How to draw a comic strip at Northwest Comic Fest
Comic strip creator and instructor at Chemeketa Community College Ted Bergeron brought his skills to Northwest Comic Fest teaching a one hour session on how to draw a comic strip. Bergeron says that the process of drawing a strip can be broken down into three steps:
Story must come first. Good comic strips have a theme, a setting and a genre. Artists can collaborate with writers (or vice versa) if storylines are not their strongest suit.
“The story is what keeps people coming back,” says Bergeron.
The art tends to be the longest part of the process. Characters should be designed and have a character sheet so that they stay consistent from one strip to the next, and artists should work at twice the printed size. Generally, a 13” x 4” Bristol board is a good start. Artists should sketch the drawing first and then darken in the lines they want to keep.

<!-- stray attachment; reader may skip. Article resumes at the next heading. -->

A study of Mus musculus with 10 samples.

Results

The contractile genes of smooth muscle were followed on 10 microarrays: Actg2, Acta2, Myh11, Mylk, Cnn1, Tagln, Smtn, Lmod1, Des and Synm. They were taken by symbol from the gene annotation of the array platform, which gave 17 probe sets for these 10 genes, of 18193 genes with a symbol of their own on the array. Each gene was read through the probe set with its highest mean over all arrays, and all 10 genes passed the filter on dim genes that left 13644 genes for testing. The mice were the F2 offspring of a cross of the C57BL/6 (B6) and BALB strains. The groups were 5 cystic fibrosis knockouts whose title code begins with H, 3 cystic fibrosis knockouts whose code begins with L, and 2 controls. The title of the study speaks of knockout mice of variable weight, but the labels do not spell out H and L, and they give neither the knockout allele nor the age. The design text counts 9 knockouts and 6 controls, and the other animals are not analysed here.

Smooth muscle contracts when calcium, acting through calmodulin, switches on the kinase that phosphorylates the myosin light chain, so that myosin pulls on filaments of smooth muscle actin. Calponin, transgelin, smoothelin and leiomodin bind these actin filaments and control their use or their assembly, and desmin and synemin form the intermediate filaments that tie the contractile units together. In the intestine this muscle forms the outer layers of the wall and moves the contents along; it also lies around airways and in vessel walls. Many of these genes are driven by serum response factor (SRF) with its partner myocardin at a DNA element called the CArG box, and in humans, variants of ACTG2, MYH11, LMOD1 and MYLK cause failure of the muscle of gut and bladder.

“Sharing is the part that is probably the most rewarding,” says Bergeron. “I like to think of sharing as the 21st century way to publish.”
Every comic strip writer should start out with six weeks of material before publishing on line. Consistency is the key to building a following, and the extra comic strips offer a buffer if the artist needs to take a vacation or happens to get ill.
For those who want to see their work in print, Bergeron says that King Features is always looking for artists. Guidelines for submission can be found here.
Bergeron recommends that people keep a little notebook and a pen at all times to write down ideas when they occur. (See information about the Idea Marathon here.)
Bergeron’s daughter inspired him when she asked him to draw a strip for her zine. After drawing several strips, he decided to publish his own zine of comics. He draws Beebot Comics. See the presentation slide show here.